Being an executor of an estate in California is a significant responsibility. Whether you’re a beneficiary frustrated with the executor or an executor nervous about carrying out your duties, understanding the common mistakes made and how to avoid them is crucial. This post will outline the most frequent errors executors make and provide tips to help navigate the probate process smoothly.

Mistake 1: Waiting Too Long to Take Action

One of the most common mistakes executors make is delaying action. Upon discovering you are named as an executor, it’s vital to act promptly. The first step is to take the original will to the courthouse in the county where the deceased person lived or hand it over to an attorney who can lodge it with the court. This ensures that the will becomes part of the public record and beneficiaries are aware of its existence. Additionally, interview and retain a probate attorney to assist you with the process. Remember, attorney fees are paid from the estate, not out of your pocket.

Mistake 2: Distributing Estate Funds Without a Court Order

Executors may feel pressured by beneficiaries to distribute estate funds early, but doing so without a court order can lead to significant legal issues. Executors must wait until the court authorizes the distribution. Prematurely distributing funds can result in severe consequences if unexpected debts or taxes surface, leaving the estate unable to pay them.

Mistake 3: Failing to Make the Portability Election

The portability election allows a surviving spouse to use the deceased spouse’s unused estate tax exemption. Missing this election can result in substantial tax liabilities. Executors should consult with a tax professional to ensure this election is made within the required timeframe.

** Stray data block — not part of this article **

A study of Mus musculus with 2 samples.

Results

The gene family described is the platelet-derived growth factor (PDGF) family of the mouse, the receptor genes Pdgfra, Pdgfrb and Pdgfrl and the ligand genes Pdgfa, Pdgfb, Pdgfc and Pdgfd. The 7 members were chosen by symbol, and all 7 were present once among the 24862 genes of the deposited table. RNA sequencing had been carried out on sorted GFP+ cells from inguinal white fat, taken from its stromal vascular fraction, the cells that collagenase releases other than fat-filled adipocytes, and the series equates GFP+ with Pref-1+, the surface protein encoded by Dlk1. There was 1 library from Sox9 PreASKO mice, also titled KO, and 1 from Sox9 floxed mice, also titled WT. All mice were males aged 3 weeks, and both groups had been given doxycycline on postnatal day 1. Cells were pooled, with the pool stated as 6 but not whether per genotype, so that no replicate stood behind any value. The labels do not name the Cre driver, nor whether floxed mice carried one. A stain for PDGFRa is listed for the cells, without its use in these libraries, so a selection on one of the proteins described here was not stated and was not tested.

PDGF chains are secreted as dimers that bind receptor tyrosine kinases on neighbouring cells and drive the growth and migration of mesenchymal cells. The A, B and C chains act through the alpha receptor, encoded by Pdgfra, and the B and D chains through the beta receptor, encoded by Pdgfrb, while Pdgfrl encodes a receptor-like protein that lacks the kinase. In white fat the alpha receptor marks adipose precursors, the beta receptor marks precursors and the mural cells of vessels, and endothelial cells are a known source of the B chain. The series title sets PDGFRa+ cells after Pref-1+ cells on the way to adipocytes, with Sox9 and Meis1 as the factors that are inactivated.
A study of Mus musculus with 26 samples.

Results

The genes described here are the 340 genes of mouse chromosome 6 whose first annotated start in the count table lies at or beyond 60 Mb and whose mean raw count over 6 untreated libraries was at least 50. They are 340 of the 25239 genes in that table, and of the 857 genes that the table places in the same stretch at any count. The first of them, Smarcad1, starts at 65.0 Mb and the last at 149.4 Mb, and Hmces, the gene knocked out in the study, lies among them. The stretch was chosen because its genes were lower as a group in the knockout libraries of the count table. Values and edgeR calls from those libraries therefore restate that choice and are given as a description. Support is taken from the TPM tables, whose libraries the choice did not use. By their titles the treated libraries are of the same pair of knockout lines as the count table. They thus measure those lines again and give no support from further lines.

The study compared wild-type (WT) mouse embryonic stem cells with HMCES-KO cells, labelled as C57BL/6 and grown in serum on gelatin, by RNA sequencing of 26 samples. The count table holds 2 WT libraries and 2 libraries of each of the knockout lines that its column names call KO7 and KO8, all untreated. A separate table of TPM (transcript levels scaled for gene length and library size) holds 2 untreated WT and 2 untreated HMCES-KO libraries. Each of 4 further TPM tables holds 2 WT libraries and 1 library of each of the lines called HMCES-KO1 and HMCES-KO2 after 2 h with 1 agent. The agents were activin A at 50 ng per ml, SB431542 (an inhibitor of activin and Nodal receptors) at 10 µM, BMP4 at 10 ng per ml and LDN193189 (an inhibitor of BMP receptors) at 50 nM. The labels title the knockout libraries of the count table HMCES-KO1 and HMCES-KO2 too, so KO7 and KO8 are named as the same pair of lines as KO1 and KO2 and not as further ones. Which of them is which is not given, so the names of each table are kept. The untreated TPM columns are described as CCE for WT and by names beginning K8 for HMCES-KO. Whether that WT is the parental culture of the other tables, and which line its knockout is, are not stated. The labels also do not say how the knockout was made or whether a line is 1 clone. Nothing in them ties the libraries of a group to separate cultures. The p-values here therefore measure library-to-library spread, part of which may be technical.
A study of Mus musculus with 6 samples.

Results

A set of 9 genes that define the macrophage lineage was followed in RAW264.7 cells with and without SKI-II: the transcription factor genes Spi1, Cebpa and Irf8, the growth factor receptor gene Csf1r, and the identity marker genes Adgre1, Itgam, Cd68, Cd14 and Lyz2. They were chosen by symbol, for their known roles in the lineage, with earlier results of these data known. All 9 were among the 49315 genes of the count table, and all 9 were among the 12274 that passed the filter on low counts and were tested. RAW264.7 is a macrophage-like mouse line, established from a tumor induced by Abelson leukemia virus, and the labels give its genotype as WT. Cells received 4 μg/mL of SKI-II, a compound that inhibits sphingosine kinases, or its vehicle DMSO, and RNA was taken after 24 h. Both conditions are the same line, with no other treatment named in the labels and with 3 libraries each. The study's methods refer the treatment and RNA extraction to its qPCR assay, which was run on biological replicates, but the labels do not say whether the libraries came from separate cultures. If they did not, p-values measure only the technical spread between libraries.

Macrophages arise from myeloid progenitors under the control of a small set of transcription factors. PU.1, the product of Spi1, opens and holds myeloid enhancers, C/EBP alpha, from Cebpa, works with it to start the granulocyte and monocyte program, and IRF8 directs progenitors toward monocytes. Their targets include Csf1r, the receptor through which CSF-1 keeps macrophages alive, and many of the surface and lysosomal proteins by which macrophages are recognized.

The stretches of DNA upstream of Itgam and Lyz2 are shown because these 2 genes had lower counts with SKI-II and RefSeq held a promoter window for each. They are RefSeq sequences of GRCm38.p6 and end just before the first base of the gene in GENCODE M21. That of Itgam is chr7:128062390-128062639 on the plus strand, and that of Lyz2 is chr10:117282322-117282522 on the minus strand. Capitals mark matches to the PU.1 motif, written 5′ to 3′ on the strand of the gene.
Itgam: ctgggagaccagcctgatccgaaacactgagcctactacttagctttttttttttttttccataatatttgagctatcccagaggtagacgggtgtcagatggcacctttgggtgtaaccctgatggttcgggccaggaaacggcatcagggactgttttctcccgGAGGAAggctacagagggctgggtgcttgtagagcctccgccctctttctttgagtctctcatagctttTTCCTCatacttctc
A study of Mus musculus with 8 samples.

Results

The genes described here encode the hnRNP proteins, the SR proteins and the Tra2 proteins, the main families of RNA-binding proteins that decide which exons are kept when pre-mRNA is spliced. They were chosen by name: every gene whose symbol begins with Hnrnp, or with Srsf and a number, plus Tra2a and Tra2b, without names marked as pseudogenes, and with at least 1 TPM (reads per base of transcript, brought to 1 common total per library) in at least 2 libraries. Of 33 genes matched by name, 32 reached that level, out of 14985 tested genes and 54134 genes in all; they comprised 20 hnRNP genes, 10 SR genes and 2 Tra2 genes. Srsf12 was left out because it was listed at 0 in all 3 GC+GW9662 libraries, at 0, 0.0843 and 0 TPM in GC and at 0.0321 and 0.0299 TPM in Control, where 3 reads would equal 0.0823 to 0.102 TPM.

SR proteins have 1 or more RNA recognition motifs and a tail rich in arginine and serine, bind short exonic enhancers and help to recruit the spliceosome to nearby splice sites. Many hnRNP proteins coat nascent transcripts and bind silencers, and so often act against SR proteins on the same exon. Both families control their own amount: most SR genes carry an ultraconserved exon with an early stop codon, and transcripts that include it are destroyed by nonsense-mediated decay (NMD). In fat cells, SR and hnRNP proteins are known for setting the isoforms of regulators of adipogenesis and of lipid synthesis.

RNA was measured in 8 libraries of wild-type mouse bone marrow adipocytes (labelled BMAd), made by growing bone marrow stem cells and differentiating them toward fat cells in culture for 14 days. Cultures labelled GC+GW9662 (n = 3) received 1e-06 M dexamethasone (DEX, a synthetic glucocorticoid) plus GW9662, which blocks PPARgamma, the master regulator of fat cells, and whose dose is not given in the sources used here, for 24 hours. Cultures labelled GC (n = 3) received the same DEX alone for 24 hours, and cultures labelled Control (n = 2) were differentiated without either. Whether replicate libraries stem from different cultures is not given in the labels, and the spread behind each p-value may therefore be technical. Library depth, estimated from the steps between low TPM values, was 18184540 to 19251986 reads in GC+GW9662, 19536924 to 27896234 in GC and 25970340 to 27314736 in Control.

Mistake 4: Not Following the Terms of the Will

Executors must adhere strictly to the terms of the will. Personal opinions about how the estate should be distributed do not override the legal document. Deviating from the will’s instructions can result in legal trouble and disputes with beneficiaries.

Mistake 5: Not Making a Complete Estate Inventory

Accurately inventorying all assets is a critical duty of the executor. This includes real estate, bank accounts, personal property, and more. An incomplete inventory can lead to legal complications and mistrust among beneficiaries. Executors should work with an attorney to ensure all assets are properly documented and appraised.

Mistake 6: Avoiding Communication with Beneficiaries

Regular communication with beneficiaries is essential, even if it’s challenging. Executors should provide updates about the estate administration process and address any concerns beneficiaries may have. This can be done through an attorney to maintain professionalism and clarity.

Mistake 7: Confusing Probate and Non-Probate Assets

Executors often confuse which assets are part of the probate estate. Probate assets are those without designated beneficiaries, while non-probate assets, like pay-on-death accounts, pass directly to the named beneficiary. Clarifying these distinctions with the help of an attorney is essential.

Mistake 8: Holding Estate Funds in a Non-Estate Account

Estate funds must be kept in a separate estate account with a unique tax ID. Co-mingling estate funds with personal accounts is a serious violation and can lead to removal and legal consequences. Always establish a dedicated estate account to manage the estate’s finances.

Mistake 9: Relying on Friends Instead of Professionals

Executors should rely on experienced professionals, including probate attorneys, CPAs, and realtors familiar with the probate process. Using friends without the necessary expertise can complicate the administration and lead to mistakes.

Mistake 10: Ignoring Valid Claims Against the Estate

Executors must notify creditors of the probate process and handle valid claims promptly. Ignoring claims can lead to legal complications and potential personal liability for the executor.

Mistake 11: Self-Dealing from the Estate

Executors must avoid any actions that could be seen as benefiting themselves. Selling estate assets to themselves or family members at below-market value is prohibited. Executors have a fiduciary duty to act in the best interest of the estate and its beneficiaries.


Understanding and avoiding these 11 common mistakes can make the probate process smoother and less stressful. Executors should seek the guidance of a competent probate attorney to ensure they fulfill their duties correctly and protect themselves from potential legal issues. By doing so, they can ensure the estate is administered properly and fairly for all beneficiaries.